What this illustrates is who knows who in this global warming hysteria. Note the people and how they are connected:

Al Gore
John P. Holdren
Teresa Heinz and John Kerry
and the list of corporations and foundations set to make billions.

But why would Al Gore today not even mention the nuclear industry and harps on cap and trade? His company Generation Investment Management LLP to quote,

Generation Investment Management LLP is a London-based investment management firm with an investment style that blends traditional equity research with a focus on sustainability factors, including social and environmental responsibility and corporate governance. Former U.S. Vice President Al Gore is chairman of Generation, and David Blood - previously chief executive of Goldman Sachs Asset Management - is CEO. The pair has given the company its nickname, "Blood and Gore."

Generation has built a global research platform to integrate sustainability research into fundamental equity analysis. The firm focuses on the economic, environmental, social, and governance risks and opportunities that can materially affect a company's ability to sustain profitability and deliver returns.

Gore was worth $1 million in 2001, but today is worth $100 million. A lot of big corporations stand to make billions as well.

(extract) Striding into Kyoto claiming to be a mighty warrior in the battle against global warming was a familiar beast, the nuclear power industry...The big reactor makers, GE, CBS, and Combustion Engineering, were there too...CounterPunch got its hands on a copy of the nuclear industry's Kyoto briefing book prepared by the Nuclear Energy Institute, a $100 million a year trade organization...One reason its renewed success may be that the NEI has been putting its money into more profitable investments...

into the coffers of the DNC and RNC. Since 1995 the NEI and its members have doled out $13 million in political contributions to key senate and house members, including John Dingell ($122,700) Tom Delay ($106.500), Dick Gephardt ($104,000) Thomas Bliley ($100,000), and David Bonior ($80,075).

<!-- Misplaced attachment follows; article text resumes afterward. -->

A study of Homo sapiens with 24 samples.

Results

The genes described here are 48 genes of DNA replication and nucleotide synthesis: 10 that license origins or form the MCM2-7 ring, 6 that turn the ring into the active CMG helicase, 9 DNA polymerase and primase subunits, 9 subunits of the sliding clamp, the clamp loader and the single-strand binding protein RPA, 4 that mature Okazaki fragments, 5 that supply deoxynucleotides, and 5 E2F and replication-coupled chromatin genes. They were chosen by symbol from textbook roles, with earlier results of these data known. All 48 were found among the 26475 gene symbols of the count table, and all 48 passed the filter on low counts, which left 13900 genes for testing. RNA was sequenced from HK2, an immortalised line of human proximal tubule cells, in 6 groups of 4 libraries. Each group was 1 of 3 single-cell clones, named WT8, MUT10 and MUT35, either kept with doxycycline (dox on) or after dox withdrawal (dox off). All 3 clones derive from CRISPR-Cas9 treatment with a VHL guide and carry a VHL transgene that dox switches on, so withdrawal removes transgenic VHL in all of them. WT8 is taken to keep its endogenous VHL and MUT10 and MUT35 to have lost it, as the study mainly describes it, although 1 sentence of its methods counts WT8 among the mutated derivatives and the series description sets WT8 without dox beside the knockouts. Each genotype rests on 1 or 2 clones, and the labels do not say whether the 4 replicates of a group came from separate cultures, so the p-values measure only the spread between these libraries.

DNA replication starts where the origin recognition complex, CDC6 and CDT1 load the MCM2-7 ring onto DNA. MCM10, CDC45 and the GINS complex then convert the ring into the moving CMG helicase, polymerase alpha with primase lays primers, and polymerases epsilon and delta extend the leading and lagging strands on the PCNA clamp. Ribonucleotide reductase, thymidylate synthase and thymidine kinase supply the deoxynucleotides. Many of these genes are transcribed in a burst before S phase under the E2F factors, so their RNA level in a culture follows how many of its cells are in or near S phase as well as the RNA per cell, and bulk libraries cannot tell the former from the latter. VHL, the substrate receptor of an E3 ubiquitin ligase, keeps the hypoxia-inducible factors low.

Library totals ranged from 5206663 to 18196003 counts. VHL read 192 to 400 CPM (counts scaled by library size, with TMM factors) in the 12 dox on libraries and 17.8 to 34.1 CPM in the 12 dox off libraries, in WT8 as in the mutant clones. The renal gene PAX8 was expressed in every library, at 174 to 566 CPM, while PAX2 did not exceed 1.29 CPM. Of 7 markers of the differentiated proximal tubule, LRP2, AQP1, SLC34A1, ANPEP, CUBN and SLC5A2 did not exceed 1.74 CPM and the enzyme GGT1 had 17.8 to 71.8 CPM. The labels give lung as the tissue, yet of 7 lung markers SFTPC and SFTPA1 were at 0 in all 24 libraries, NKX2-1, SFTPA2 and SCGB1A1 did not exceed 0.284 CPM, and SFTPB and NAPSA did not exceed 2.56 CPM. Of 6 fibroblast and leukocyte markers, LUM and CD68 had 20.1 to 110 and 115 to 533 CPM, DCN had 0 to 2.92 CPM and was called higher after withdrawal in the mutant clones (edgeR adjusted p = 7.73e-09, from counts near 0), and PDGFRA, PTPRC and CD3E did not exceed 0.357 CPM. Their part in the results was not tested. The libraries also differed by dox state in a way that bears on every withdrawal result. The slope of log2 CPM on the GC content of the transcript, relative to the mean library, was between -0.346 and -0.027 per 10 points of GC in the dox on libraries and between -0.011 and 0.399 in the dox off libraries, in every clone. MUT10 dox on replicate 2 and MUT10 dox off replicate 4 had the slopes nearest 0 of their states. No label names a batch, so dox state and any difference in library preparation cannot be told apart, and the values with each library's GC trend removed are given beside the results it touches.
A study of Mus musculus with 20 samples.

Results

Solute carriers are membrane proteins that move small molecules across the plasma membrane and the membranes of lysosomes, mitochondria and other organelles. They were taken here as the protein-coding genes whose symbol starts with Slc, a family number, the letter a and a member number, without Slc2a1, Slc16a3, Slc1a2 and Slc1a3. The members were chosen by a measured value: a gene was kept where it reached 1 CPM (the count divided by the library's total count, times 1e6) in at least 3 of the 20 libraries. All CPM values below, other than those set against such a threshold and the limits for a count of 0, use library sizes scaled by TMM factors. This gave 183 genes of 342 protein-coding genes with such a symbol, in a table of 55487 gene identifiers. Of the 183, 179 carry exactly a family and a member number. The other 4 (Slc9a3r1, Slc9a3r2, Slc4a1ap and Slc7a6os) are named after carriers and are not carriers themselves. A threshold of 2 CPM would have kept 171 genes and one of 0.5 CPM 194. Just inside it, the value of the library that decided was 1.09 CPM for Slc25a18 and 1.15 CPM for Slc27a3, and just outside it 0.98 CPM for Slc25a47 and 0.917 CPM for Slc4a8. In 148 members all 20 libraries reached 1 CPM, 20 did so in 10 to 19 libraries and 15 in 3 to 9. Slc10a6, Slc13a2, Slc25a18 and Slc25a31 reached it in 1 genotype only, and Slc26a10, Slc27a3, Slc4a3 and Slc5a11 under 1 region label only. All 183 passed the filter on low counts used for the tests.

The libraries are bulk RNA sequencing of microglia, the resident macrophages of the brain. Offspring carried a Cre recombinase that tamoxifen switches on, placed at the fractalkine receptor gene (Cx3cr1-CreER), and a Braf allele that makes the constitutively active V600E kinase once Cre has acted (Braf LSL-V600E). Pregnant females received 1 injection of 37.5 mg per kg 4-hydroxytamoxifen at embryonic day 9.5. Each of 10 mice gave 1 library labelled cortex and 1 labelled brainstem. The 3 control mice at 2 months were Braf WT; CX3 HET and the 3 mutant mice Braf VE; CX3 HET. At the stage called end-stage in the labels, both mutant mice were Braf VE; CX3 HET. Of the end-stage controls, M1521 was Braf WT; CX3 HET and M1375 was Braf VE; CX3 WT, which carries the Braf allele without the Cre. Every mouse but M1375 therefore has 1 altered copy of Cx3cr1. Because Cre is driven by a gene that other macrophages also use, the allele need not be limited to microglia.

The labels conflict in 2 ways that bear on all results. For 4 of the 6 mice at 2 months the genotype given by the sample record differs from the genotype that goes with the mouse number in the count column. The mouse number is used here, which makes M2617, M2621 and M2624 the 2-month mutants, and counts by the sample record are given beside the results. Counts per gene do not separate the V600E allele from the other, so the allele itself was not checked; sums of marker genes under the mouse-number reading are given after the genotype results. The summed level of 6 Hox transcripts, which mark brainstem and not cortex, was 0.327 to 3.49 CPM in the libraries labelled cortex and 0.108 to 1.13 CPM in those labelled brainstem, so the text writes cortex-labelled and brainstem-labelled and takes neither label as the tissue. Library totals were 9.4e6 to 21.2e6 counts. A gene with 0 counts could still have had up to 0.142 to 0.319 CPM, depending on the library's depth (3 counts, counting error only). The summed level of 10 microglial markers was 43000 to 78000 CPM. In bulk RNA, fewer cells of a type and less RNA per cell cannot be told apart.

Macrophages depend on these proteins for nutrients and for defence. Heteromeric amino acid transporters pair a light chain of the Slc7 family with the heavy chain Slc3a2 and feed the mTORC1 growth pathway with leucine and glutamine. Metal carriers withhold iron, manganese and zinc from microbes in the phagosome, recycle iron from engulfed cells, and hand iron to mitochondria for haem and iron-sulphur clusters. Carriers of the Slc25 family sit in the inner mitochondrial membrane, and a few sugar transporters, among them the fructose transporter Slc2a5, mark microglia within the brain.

Another reason is that the nuclear lobby has enjoyed a long and profitable relationship with both Clinton and Gore. Al Gore, who wrote of the potential green virtues of nuclear power in his book Earth in the Balance, earned his stripes as a congressman protecting the interests of two of the nuclear industry's more problematic enterprises, the TVA and the Oak Ridge Labs. And, of course, Bill Clinton backed Entergy's outrageous plan to make Arkansas ratepayers pay for cost overruns on the company's Grand Gulf reactor which provided power to electricity consumers in Louisiana...

During the run up to Kyoto, the nuclear industry secured another startling windfall, this time a promise of nearly $400 million in research and development subsidies. The key man here is one of Al Gore's intellectual Svengalis, John P. Holdren. While a professor at Berkeley, Holdren portrayed himself as a mighty foe of nuclear weapons. His popularity among Berkeley students soared after he gave ecological backing to Carl Sagan's scary scenarios about nuclear winter.

Now Holdren is ensconced at Harvard's Kennedy School of Government, where he presides as the John and Teresa Heinz professor of environmental policy. It will be recalled that Teresa Heinz is the $2 billion widow of the late Sen. John Heinz, intimate friend of Clinton's former global warming negotiator Tim Wirth, current wife of Sen. John Kerry, head of a $200 million foundation which gives money for "practical solutions to global environmental problems" and long-time board member of the Environmental Defense Fund.

Holdren was tapped by Gore and Clinton's science advisor Jack Gibbons to head a task force on energy and climate policy as part of the Presidential Commission on Science and Technology. Holdren's panel was well stocked with allies of the nuclear's not surprising that Holdren's report largely parrots the line advanced by the Nuclear Energy Institute...Incredibly, Holdren and his gang also recommend spending $280 million on fusion research, a proven waste of money in terms of energy production.

Under even the most optimistic scenarios, fusion reactors will be able to generate electricity for about 50 cents per kilowatt hour, ten times more than the cost of natural gas turbines...a full-page ad appeared in the Wall Street Journal that must have warmed the hearts of the men at the NEI. Under the headline, "A Business Climate Challenge: America Needs to Get Serious About Climate Change," 60 corporate executives, led by Nike, Mitsubishi, CalEnergy, Pacific Energy, Mitchell Energy, and Ted Turner endorsed the need for a strong climate change treaty.

The ad was also signed by Enron and Bechtel, two companies with interests in nuclear power...The idea for this really came from the Clinton administration...They said if we wanted to see a good treaty we needed to show that property owners and Republican business leaders cared about global warming... Ref.